Former Vice President Joe Biden is projected to decisively win the South Carolina Democratic primary, a crucial win that demonstrates his support among African American voters.

Why it matters: The victory is Biden's first-ever presidential primary win. He has long predicted that his appeal among voters of color would carry him in South Carolina.

  • Roughly half of black South Carolina Democratic voters told exit pollsters they want a return to presidencies like former President Obama's, compared to about two-thirds of white voters who want fundamental change in Washington.

What he's saying: "Just days ago, the press and the pundits had declared this candidacy dead," Biden said at a rally in South Carolina. "Now, thanks to all of you, the heart of the Democratic Party, we've just won, and we’ve won big because of you. We are very much alive!"

The big picture: Biden needed a decisive win in South Carolina to boost his momentum heading into the Super Tuesday primaries on March 3, when more than a third of the convention delegates will be at stake, primarily from Southern states.

Between the lines: Axios' Alexi McCammond reported Saturday on how South Carolina voters feel a personal connection with Biden...

  • "Biden has vacationed there for years, and his friendship with Rep. Jim Clyburn gives him credibility with older African American voters."
  • That Clyburn endorsement mattered: Roughly 60% told the Edison exit poll that Clyburn's support factored in their decision.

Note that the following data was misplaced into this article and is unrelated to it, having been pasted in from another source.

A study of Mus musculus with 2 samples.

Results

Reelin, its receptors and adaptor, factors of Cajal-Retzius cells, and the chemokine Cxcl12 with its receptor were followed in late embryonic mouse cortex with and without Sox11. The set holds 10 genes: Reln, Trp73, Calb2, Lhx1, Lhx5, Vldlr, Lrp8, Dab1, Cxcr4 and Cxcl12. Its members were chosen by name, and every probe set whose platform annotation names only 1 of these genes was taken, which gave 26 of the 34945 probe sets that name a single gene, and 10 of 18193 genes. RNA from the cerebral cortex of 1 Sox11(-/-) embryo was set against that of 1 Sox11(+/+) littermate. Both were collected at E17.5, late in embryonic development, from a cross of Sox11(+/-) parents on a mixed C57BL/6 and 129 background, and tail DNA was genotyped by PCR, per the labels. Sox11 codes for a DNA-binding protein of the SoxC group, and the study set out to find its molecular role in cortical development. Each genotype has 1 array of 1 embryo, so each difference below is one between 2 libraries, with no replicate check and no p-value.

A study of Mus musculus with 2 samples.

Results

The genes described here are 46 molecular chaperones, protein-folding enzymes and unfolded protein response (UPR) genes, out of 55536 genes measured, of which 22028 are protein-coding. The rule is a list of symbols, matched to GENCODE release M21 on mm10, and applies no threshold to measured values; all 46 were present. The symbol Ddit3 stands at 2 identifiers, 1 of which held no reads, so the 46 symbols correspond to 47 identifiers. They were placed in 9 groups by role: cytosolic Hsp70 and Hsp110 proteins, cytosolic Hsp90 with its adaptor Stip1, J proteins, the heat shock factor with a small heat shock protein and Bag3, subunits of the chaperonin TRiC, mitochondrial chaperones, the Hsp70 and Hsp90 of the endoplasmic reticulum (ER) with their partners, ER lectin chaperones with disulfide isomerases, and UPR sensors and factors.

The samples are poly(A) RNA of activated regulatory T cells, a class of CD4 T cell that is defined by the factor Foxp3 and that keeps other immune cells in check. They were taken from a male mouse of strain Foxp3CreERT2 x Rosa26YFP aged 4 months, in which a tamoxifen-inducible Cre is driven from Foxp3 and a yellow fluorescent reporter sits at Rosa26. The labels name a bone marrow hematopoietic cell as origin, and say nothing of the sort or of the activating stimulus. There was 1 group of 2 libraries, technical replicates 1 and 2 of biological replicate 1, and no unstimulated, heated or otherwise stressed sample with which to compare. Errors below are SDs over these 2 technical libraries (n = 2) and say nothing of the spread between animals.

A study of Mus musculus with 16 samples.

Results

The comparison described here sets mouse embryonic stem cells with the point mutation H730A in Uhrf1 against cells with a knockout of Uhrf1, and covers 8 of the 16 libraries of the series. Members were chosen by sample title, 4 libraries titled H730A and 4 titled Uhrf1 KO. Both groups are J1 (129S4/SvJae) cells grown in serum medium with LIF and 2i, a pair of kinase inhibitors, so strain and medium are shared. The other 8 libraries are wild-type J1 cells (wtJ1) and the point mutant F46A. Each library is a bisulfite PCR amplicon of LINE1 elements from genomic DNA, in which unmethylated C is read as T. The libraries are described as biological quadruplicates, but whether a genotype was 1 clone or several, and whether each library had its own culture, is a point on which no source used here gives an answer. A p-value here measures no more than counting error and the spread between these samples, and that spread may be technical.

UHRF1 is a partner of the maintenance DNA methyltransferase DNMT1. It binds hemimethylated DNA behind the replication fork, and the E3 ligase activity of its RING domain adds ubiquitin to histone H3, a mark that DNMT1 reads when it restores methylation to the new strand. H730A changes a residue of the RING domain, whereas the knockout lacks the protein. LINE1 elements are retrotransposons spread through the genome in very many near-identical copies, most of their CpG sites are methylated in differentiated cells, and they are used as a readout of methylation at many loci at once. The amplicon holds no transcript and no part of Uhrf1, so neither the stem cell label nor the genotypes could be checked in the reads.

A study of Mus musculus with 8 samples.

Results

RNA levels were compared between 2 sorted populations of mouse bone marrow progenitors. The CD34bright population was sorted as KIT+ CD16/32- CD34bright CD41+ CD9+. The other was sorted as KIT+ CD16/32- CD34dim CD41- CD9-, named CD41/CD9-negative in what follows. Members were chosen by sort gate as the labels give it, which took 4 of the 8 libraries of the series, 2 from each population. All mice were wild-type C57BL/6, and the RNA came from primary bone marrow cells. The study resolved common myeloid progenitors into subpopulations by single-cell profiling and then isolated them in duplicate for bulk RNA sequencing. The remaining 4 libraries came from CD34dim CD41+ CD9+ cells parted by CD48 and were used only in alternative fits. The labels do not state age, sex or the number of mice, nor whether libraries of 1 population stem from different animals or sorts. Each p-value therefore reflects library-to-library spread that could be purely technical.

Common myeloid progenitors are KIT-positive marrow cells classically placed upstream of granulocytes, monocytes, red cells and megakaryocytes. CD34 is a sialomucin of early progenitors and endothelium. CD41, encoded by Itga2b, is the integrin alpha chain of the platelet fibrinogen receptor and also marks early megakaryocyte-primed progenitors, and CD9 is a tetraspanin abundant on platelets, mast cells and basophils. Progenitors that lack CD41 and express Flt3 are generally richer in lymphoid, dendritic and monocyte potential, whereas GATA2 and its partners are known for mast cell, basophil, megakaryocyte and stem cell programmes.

• "In South Carolina, where a majority of Democratic voters are African American, you can't talk to a Biden supporter without Barack Obama's name also coming up. 'He trusted Biden,' said Sue Gibbs, 68."

By the numbers: South Carolina has 54 pledged delegates to apportion to candidates who garnered at least 15% of Saturday's vote.

Expand chart
Axios Visuals

Go deeper: Joe Biden on the issues, in under 500 words

Editor's note: This article has been updated with Biden's comments.

Go deeper

Ro Khanna accuses Biden of quitting Middle East

Rep. Ro Khanna. Photo: Cody Glenn/Sportsfile for Web Summit via Getty Images

An outspoken progressive Democrat is wary of President Biden’s approach to the Middle East, arguing it’s like “conceding defeat of the aspiration” to win a Nobel Peace Prize.

Why it matters: A number of members of Biden’s own party dislike his Middle East strategy, as his administration signals the region is no longer the priority it was for President Obama and his predecessors.

Democrats eye reconciliation for immigration

Photo: Chip Somodevilla/Getty Images

Comprehensive immigration reform is a pipe dream, but some Senate Democrats are hoping to tie key immigration provisions to the next big reconciliation push.

Why it matters: Immigration is one of the most controversial and partisan issues in U.S. politics, which is why the budget reconciliation process — which allows for bills to pass the Senate with a simple majority rather than the usual 60 votes — is so attractive.

3 hours ago - Politics & Policy

Scoop: Biden meeting Quad amid own pivot toward Asia

Artists paint portraits of President Biden and Vice President Kamala Harris in Mumbai, India. Photo: Anshuman Poyrekar/Hindustan Times via Getty Images

President Biden plans to meet this month with the leaders of Japan, Australia and India in a virtual summit of the so-called Quad, according to people familiar with the matter.

Why it matters: By putting a Quad meeting on the president’s schedule, the White House is signaling the importance of partnerships and alliances to counter China’s growing influence in the Indo-Pacific region.